When Tauranga nurse Steven Gregory experienced his first heart problem he knew he was lucky to be in a hospital and was rushed to the emergency department straight away.

Mr Gregory, 59, suffers from Paroxysmal Atrial Fibrillation - a quickening of the pulse which could result in broken-off blood clots being pumped through the body.

The condition, caused by the heart's normal "timer" not working properly, could be fatal if blood clots travelled to areas such as the brain or heart.

"It feels as though your arms get very heavy and as if someone's thumped you in the chest. You feel wretched," he said.


"I was on the night shift and it happened. I knew it straight away."

Mr Gregory said he was surprised.

"I knew that I was under a great deal of personal stress and also had not been looking after myself as well as I should but the last thing I expected was to be diagnosed with a heart condition - it came completely out of the blue."

Mr Gregory was diagnosed in August 2013 and now takes medication daily to treat the attacks.

The medication helped but the condition was one where "I could stop taking medication and it might never happen again, but you don't know", Mr Gregory said.

Paroxysmal Atrial Fibrillation is one of three versions of the condition, and because it usually occurs in short bursts it is the least risky.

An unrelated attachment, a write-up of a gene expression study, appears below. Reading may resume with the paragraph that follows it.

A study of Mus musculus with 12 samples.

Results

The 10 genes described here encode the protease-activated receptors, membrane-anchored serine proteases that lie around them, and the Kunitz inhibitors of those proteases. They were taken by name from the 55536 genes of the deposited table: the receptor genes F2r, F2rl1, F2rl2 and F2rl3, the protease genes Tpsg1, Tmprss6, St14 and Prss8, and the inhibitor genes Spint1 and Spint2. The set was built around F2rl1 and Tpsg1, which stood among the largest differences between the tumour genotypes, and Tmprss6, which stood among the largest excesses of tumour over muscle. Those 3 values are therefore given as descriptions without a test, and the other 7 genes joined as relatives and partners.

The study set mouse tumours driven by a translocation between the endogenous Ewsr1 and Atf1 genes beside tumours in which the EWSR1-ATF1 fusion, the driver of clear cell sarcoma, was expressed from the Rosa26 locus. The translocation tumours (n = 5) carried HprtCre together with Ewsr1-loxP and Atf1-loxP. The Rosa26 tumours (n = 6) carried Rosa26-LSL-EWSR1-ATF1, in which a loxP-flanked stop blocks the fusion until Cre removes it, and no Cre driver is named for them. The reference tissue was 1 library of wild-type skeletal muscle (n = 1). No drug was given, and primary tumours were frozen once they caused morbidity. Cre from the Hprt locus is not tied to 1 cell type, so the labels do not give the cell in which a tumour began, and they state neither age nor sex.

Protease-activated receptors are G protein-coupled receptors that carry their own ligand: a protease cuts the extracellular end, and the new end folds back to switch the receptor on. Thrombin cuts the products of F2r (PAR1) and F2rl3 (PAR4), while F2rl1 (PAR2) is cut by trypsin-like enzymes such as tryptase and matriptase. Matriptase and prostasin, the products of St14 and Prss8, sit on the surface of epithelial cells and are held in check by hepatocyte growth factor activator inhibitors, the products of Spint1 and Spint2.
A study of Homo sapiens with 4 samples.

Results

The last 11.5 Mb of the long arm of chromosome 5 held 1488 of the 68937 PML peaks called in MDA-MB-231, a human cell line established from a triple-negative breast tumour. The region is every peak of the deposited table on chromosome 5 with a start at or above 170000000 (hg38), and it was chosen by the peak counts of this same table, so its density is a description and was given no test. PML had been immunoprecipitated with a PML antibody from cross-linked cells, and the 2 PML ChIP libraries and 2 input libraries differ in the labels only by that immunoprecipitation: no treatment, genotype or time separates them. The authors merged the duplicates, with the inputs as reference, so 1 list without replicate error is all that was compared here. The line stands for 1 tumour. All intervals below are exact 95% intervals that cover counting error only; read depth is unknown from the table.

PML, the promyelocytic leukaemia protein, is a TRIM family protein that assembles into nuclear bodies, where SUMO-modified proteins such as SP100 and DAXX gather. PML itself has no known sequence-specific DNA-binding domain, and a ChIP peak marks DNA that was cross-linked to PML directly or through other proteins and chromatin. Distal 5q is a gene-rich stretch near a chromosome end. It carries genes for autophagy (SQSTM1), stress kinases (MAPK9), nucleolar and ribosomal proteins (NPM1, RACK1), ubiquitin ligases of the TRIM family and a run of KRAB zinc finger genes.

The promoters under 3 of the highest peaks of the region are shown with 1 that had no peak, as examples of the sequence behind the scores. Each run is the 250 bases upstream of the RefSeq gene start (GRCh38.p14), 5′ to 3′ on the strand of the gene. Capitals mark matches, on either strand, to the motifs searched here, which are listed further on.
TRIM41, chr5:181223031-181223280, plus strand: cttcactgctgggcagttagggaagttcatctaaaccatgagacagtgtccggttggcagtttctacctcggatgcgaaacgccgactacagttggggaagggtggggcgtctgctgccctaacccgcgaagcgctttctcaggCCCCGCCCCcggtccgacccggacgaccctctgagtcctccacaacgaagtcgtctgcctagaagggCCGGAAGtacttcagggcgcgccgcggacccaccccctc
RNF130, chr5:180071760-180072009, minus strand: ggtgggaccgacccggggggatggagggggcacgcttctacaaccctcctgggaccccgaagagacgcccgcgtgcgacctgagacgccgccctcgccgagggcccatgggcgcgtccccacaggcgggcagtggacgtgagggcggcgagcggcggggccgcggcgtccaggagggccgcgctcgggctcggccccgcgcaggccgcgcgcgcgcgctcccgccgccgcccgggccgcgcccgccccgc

Persistent Atrial Fibrillation and Permanent Atrial Fibrillation are both as their names suggest.

Mr Gregory said he found it comforting being able to speak to others who had the same condition "because they understand".

"Unless you've had it yourself you don't really understand it. You need someone else who has already had it."

Mr Gregory found that with his condition, his role as a nurse helped a lot for the many patients he encountered with heart issues.


"I like cardiology anyway and it's just coincidence that this has happened to me."

Mr Gregory would be on the streets of Mount Maunganui today collecting for the Heart Foundation as part of their month-long appeal.

Heart Foundation medical director Gerry Devlin said while there had been a dramatic reduction in death from some form of heart disease over the last 40 years, more than one New Zealander still died from heart disease every 90 minutes.

"We also have more New Zealanders living with heart disease than ever before who rightly have an expectation to live a productive life."

Mr Devlin said the Heart Foundation's work to save lives had never been more important and funding for research was critical.

The Heart Foundation's street appeal was being held today in the Tauranga area.